THE HAZARDS OF DOG WASTE
Every time it rains, the potential exists for thousands of pounds of pet waste to wash down storm drains and into streams, rivers and lakes. If not disposed of properly, pet waste flows directly into nearby bodies of water without being treated at wastewater treatment facilities. Pet waste can contain bacteria that threaten the health of animals and people, especially children. It also contains nutrients that encourage excess weed and algae growth, causing water to become cloudy and green — unattractive for swimming, boating and fishing. Excess nutrients are a major cause of water quality decline. When pet waste is washed into rivers and streams the waste decays, using up oxygen and sometimes releasing ammonia. Low oxygen levels and ammonia combined with warm temperatures can kill fish and other aquatic life.
In Boston, you are required by law to remove and dispose of your dog’s waste. This applies to waste on sidewalks, streets and parks, and neighbors’ yards. You must be prepared to clean up after your dog when walking them, either with a bag or some other means. The law also states that you must dispose of the waste either in a toilet or trash can. PLEASE do not leave dog waste bags in tree pits, in the street, on neighbors’ doorsteps, or at parks and playgrounds.
The BHCA is working on a solution to make pet waste containers more accessible to dog owners and dog walkers on Beacon Hill, to improve our quality of life and to keep our neighborhood beautiful. If you’d like to be involved in this effort, please contact the BHCA office at [email protected].
FIRST FRIDAY COFFEE AT THE BHCA
Last Friday, the BHCA was pleased to have Boston City Councilor At-Large Annissa Essaibi-George attend our monthly Coffee Hour. There she spoke of her passion for quality public and vocational education, attention to homeless students and their families, and access to quality mental health and recovery treatment and services.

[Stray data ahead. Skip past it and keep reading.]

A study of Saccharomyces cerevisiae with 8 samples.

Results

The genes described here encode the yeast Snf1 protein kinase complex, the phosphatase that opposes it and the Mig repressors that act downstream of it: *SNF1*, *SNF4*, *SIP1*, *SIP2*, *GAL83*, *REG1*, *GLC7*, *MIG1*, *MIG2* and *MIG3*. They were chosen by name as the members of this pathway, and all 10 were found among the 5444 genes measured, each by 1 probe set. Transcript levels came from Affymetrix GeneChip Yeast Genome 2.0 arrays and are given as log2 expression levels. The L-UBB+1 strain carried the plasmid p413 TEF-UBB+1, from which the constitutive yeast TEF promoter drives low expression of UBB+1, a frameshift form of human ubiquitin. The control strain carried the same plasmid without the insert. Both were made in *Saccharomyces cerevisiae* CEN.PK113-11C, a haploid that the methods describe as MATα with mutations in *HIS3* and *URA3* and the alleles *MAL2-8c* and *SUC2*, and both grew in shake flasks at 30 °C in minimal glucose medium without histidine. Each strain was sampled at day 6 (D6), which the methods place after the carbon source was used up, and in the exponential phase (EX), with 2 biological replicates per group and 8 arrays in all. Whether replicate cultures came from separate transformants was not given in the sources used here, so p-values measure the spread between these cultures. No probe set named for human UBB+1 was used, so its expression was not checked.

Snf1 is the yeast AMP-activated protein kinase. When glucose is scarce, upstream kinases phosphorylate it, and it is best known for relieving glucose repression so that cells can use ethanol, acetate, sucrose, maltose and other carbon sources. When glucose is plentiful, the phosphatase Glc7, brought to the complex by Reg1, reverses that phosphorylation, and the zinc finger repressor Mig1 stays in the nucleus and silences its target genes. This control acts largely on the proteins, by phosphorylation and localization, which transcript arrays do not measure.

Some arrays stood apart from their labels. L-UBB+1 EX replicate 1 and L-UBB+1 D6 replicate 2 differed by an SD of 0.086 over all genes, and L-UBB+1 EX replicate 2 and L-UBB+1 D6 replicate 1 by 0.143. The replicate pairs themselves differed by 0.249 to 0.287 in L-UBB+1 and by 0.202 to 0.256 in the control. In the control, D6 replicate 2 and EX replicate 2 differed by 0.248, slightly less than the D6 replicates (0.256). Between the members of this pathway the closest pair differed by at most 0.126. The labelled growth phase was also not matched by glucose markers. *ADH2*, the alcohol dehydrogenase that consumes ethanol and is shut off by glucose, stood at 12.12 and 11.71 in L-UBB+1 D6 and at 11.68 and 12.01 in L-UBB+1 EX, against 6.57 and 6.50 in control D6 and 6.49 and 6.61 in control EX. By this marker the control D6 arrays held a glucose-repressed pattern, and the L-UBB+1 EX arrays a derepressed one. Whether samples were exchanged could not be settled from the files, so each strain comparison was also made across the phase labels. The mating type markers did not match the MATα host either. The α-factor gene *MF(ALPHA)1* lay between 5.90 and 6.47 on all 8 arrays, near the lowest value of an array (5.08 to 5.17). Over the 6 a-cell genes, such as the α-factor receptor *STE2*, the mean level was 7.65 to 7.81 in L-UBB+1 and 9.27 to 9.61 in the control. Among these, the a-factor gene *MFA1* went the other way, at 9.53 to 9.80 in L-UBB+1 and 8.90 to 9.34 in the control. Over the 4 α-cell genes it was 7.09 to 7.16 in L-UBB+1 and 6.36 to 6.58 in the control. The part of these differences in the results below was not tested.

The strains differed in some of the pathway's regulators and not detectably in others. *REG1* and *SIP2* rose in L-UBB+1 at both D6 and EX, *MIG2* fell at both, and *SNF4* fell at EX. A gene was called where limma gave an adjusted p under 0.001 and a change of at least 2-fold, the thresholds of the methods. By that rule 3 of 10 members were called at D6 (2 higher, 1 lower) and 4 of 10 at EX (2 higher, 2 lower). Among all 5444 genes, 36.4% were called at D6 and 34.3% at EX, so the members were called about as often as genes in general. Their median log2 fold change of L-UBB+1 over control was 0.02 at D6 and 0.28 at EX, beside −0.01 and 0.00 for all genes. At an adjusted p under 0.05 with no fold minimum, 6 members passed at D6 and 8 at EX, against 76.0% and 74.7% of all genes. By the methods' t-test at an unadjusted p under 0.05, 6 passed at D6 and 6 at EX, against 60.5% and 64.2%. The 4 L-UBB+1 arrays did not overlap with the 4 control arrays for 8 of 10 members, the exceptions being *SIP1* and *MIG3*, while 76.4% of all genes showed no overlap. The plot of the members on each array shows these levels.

Also, BHCA Director Jamie Ewing gave an overview of the BHCA Architecture Committee, their vison and goals to keep Beacon Hill preserved according to the guidelines established by the act of the Massachusetts General Court in 1955, which created the Historic Beacon Hill District.
Come join us for our next informative First Friday Coffee Hour on April 5th when Janet Tiampo, BHCA Director and Co-Chair of the BHCA Membership Committee, will speak.
Upcoming BHCA Meetings
Monday, March 11: Board of Directors Meeting; 7pm at 74 Joy Street.
Other upcoming BHCA Events
Forum – MGH 2019 IMP Projects – Tuesday, March 12th, 6pm at 74 Joy Street
Founders Circle Reception – Tuesday, April 30th
New Members Reception – May 2nd
BHCA Annual Meeting – May 20th
BHCA Plans Community Forum concerning MGH Expansion
The Massachusetts General Hospital (MGH) has proposed building a major addition to its facilities along Cambridge and Blossom Streets. The buildings will include a pair of 12-story towers with 450 hospital rooms, as well as inpatient and outpatient services; underground parking; and a service facilities building. The Boston Globe noted that this project “promises to reshape a busy stretch of downtown Boston between Government Center and the Longfellow Bridge.”
The Civic Association will be holding a public meeting on Tuesday, March 12th at 74 Joy St. from 6-7:30 pm to discuss the project. Representatives of MGH will present the project, and will be available to answer questions and take comments from the audience.
A description of the project is available from the Boston Planning & Development Agency (BPDA) website or by using this link: http://bit.ly/MGH-PNF (187 pages, PDF)
Comments on this phase of the review are due to the BPDA by March 22nd. If you wish to submit written comments, those should be submitted to:
Katelyn Sullivan, Senior Project Manager
Boston Planning & Development Agency
Once City Hall Square, Boston, MA 02201
[email protected]Visit the Beacon Hill Civic Association website www.bhcivic.org or call the office (617-227-1922) for more information on any of these events.